For Dutch people abroad, one of the easiest ways to break the ice is to start talking about football. A mere mention of names like Cruyff, Gullit or Sneijder will work wonders, conjuring up magical moments in the history of the game and bringing back memories of “total football” and “brilliant orange”.
Kees Jansma has seen it all. He began his long career as a football reporter in the early 1970s when Amsterdam team Ajax and the Dutch national team rose to glory. He took up the post of Oranje’s chief press officer in 2004. He was in South Africa last year, at the side of Holland manager Bert van Marwijk, watching the World Cup final, which, he believes, the Dutch “came so close to winning”.
Jansma, who recently published a collection of football anecdotes, agrees that Dutch soccer is a strong brand that sells itself. The national team primarily owes its reputation to its star players – and there’s a good reason the Netherlands produces great footballers.
“They’re the end result of a long chain. I mean we often have American, British, German and South-European TV crews visiting us and they invariably ask me about the secret behind Dutch football successes. I then invite them to come to Doorn, the village where I live, on a Saturday morning and drive to my favourite club, Alphense Boys. On the way, we pass no fewer than 64 football fields. Each of them has a stand, a well-maintained pitch, a solid fence, a nice canteen, modern dressing rooms, floodlights. And then I tell them: ‘See, this is our strength.’”
Football is the most played sport in the Netherlands, with some 1.2 million registered players, more than any other country of comparable size. Each weekend, the Dutch Football Association organises more than 30,000 matches. Conditions in the Netherlands are perfect for talent development, says Jansma.
“When it comes to football, this tiny country is exceptionally well-organised, offering outstanding training programmes and a lot of quality at all levels. That’s quite unique. It’s something many countries are rather jealous of. And all that quality, which you can find from the lowest amateur leagues to the top flight of the Eredivisie [Premier League], will translate into excellent players. The result of all this work is an excellent national team. And it explains why such a small country has made it to the World Cup final three times.”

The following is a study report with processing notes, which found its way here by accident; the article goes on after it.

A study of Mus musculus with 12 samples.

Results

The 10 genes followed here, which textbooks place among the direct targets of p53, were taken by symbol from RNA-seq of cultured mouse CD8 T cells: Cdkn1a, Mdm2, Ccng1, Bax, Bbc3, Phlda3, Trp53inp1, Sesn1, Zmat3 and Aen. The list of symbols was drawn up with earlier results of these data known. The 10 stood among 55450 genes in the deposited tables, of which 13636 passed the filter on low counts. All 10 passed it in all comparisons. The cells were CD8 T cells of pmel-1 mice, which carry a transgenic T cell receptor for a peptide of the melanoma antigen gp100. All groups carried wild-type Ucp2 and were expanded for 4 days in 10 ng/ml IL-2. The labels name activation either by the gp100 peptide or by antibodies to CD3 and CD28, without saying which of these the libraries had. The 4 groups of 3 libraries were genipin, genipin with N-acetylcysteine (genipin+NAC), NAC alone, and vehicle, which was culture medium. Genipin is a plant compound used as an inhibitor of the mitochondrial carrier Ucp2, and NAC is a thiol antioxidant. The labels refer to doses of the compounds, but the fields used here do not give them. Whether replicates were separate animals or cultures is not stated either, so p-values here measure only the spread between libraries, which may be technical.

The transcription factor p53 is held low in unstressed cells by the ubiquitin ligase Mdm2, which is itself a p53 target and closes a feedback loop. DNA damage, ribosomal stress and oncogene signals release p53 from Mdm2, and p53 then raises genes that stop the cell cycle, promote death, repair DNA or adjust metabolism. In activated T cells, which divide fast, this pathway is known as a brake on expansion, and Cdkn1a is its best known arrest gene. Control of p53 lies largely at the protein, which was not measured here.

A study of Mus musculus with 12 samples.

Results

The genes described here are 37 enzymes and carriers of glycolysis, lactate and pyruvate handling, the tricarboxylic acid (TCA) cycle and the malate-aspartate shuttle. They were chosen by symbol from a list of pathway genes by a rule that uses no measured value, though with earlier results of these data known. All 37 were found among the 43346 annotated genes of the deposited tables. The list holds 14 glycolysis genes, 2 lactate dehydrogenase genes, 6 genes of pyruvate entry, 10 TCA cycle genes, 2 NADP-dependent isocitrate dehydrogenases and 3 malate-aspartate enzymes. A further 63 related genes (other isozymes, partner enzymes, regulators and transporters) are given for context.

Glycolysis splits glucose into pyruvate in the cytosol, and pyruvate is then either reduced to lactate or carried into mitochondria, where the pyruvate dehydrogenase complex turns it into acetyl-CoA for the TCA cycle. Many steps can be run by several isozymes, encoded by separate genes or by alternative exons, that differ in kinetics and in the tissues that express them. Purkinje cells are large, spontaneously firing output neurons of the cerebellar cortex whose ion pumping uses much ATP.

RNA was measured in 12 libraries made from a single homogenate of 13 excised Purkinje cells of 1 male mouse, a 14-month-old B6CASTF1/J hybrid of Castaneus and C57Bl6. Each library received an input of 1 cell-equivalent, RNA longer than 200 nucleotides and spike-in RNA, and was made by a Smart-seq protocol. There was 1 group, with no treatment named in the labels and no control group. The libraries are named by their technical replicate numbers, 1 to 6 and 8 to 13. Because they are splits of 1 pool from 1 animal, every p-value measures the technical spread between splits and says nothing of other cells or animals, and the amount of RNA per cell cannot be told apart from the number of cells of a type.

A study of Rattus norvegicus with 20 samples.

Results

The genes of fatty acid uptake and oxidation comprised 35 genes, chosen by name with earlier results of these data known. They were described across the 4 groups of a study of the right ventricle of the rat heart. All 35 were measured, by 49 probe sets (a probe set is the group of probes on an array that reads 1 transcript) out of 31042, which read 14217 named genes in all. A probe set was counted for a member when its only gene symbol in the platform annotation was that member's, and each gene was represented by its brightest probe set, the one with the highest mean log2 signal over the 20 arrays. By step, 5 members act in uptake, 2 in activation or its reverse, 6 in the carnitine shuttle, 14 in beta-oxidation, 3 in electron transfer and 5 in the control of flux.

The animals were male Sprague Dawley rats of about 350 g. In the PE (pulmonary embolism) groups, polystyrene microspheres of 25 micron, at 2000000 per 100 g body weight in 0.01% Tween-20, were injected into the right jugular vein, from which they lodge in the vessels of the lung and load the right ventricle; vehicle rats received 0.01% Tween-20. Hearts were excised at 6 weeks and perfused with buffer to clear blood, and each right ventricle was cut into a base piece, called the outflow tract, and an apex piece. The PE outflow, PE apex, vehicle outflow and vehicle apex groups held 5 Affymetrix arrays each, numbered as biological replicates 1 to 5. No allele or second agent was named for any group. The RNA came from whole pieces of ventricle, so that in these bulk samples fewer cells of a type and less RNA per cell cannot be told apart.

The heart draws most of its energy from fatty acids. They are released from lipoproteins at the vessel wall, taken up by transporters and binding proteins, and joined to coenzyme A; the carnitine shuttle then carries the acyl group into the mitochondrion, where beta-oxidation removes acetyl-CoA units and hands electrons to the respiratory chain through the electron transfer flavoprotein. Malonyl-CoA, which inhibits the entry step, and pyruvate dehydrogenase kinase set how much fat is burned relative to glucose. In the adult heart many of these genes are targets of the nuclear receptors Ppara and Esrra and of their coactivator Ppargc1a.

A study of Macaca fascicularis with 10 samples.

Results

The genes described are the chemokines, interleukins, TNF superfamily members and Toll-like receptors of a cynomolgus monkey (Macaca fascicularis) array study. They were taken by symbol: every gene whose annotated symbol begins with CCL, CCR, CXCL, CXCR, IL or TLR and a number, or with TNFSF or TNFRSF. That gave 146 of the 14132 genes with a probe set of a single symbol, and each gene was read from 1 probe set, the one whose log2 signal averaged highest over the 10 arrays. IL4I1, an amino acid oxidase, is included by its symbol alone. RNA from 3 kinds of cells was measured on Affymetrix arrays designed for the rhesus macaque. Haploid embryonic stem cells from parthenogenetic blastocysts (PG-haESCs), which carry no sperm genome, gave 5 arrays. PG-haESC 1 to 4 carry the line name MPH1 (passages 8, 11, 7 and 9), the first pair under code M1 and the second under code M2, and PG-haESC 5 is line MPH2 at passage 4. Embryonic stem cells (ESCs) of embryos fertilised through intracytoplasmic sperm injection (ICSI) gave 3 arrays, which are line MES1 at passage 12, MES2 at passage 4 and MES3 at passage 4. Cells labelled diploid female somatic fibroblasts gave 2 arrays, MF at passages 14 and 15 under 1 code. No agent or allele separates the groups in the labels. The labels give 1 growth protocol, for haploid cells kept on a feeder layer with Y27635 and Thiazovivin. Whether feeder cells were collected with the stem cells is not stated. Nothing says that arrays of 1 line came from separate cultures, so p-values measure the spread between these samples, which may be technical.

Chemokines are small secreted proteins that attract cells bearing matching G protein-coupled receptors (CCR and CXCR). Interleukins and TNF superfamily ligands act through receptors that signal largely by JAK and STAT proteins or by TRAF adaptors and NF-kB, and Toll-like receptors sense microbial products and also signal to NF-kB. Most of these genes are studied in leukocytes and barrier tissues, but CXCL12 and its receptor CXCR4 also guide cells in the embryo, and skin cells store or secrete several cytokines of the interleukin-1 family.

The Dutch national team has had an extraordinary run of successes in recent decades – only two of its last 40 matches ended in defeat, for example – and the current national coach, Bert van Marwijk, is the most successful ever. Under his stewardship, Holland reached last year’s World Cup final, jumped to the top of FIFA’s world ranking this year and put together an unprecedented winning run (including a record 11-0 rout of San Marino). The national team’s performance has been unparalleled, but is almost taken for granted at home. Not so in the rest of the world, the number of requests for foreign media interviews and friendly matches has multiplied in recent years.
“We played friendlies in Brazil and Uruguay this summer. That turned out to be quite a lucrative trip, unlike similar outings in the past. Holland is in much demand now and that reflects the level of appreciation abroad.”
2010 World Cup final
Holland have been famed for their attractive attacking style of play since the early seventies. Their uncharacteristically rough tactics during last year’s World Cup final against Spain don’t seem to have dented their reputation. Jansma recalls how in the wake of the final, Van Marwijk met his veteran Spanish counterpart Vicente del Bosque in Spain.
“Del Bosque told him that he felt Spain had almost buckled under the Dutch pressure and said he admired Holland for keeping it up. Of course, once you get to the final, it doesn’t matter anymore how you win or lose.”